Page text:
Associated Press


By David Konow

St. Martin’s Griffin/Thomas Dunne Books

Hunkered down in your seat during “The Last House on the Left” back in 1972, you probably wouldn’t have believed that four decades later the carnage unfolding before your eyes would be considered historical.


After all, it was only a movie . . . only a movie . . . only a movie.

That catchy tag line wasn’t what made the disturbing horror film significant. As David Konow explains in “Reel Terror,” the movie’s primary contribution to the genre was boosting the careers of Wes Craven (later the director of “A Nightmare on Elm Street”) and Sean Cunningham (later the director of “Friday the 13th”). Plus, it gave new meaning to the word “vile.”

Mainstream moviegoers are better acquainted with horror classics like “Psycho,” “The Exorcist,” “Jaws” and “Halloween,” all of which get their due in Konow’s overview. But his narrative thrives on the details of many other high points of horror — or low points, depending on how you look at it. Examining the genre over time suggests that:

* Horror has been looked down on from the beginning. Even after the success of “Dracula” and “Frankenstein” in the 1930s, movie studio Universal wanted to get out of the monster business. For established directors like William Friedkin (“The Exorcist”) and Stanley Kubrick (“The Shining”) making a horror movie was akin to slumming.

* Major influences can come from unexpected places. The fan magazine Famous Monsters of Filmland and EC Comics inspired readers to become writers and filmmakers. Director George Romero’s low-budget “Night of the Living Dead” (1968) was the midnight movie that launched a thousand zombies.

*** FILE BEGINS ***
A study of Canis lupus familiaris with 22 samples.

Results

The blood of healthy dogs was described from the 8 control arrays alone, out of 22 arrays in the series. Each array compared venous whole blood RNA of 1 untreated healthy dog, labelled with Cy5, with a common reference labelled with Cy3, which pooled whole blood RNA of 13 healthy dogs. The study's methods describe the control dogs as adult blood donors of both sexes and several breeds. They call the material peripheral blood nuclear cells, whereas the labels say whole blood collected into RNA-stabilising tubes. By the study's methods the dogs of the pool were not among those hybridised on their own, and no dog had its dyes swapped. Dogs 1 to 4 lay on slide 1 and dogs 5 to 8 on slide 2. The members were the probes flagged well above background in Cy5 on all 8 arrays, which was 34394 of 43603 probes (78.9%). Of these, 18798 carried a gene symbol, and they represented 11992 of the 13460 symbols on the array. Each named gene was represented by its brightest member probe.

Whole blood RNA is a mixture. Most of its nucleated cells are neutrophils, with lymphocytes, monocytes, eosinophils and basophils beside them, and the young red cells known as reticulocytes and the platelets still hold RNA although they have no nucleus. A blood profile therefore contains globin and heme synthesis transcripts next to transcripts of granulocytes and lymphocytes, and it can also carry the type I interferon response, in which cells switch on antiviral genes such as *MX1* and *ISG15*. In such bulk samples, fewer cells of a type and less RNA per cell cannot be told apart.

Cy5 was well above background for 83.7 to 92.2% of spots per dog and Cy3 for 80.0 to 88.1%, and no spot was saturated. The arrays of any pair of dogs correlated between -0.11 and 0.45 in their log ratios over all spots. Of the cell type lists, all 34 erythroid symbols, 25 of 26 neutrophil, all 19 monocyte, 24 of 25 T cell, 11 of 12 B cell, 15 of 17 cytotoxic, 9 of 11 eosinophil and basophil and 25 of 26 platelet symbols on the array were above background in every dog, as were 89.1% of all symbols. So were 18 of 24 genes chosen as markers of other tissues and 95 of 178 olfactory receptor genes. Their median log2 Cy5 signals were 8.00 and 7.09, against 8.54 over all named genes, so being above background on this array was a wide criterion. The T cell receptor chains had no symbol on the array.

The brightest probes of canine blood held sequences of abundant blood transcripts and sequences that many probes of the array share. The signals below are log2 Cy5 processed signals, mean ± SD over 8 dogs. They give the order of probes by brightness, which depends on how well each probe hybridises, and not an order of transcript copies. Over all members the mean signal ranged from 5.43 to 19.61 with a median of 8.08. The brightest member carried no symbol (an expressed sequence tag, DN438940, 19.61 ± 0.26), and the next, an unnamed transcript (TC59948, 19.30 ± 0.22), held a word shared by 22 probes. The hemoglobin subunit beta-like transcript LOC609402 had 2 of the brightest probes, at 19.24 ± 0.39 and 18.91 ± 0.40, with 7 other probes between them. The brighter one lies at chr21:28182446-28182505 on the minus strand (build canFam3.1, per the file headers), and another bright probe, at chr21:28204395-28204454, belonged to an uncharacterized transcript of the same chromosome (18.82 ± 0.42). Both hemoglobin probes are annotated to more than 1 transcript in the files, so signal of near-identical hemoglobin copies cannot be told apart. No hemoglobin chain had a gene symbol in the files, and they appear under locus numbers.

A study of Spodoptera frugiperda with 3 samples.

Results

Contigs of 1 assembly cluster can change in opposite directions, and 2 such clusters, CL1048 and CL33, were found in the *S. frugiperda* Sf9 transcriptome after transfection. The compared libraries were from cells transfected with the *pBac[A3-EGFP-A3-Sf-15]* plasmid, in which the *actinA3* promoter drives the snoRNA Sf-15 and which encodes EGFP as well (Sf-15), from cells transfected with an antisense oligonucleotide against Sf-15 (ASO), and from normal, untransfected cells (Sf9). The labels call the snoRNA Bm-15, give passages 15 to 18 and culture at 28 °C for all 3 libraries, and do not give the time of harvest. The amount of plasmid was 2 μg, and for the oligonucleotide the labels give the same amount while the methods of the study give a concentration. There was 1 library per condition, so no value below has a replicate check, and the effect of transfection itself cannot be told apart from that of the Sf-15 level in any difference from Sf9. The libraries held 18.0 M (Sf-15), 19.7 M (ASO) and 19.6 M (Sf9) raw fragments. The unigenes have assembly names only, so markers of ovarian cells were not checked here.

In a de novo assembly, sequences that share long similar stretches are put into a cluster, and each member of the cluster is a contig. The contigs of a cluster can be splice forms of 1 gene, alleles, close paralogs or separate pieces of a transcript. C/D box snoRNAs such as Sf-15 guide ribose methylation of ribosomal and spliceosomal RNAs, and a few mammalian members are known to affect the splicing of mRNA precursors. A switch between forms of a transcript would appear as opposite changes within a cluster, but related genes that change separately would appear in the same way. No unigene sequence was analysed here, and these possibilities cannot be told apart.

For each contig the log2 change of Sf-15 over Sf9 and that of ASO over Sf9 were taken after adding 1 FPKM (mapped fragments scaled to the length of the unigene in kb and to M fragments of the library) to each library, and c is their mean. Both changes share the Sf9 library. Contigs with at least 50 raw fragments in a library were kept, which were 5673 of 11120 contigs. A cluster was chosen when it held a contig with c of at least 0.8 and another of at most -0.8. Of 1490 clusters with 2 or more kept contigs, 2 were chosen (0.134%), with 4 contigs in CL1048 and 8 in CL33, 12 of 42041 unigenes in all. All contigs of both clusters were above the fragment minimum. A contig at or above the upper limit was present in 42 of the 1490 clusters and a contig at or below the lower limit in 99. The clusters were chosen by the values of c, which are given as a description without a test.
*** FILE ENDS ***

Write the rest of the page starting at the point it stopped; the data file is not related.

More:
* Filmmakers should beware of success in an unappreciated genre. Horror hits have pigeonholed people like Romero, Craven and Tobe Hooper of “The Texas Chain Saw Massacre” fame, limiting their opportunities to direct different kinds of movies. On the other hand, each has secured a place in cinema history.

For a book that claims to span a century, Konow gives short shrift to the first five decades or so. Significant 1930s films like “Freaks” and “Dr. Jekyll and Mr. Hyde” are all but ignored. The frights of the atomic age (“Godzilla”) and the space age (“The Thing From Another World,” “The Blob”) and the youth-oriented horror movies of the 1950s (“I Was a Teenage Werewolf”) are passed over in favor of more recent films.

Konow does yeoman’s work when it comes to collecting facts from previously published material and presenting quotes from fresh interviews. Yet, at times, he assumes a level of knowledge beyond what many potential readers will possess.

Moreover, Konow falls short when it comes to providing the analysis that’s necessary to pull together all the pieces and make the subject really come alive. That leaves “Reel Terror” less animated than it should be.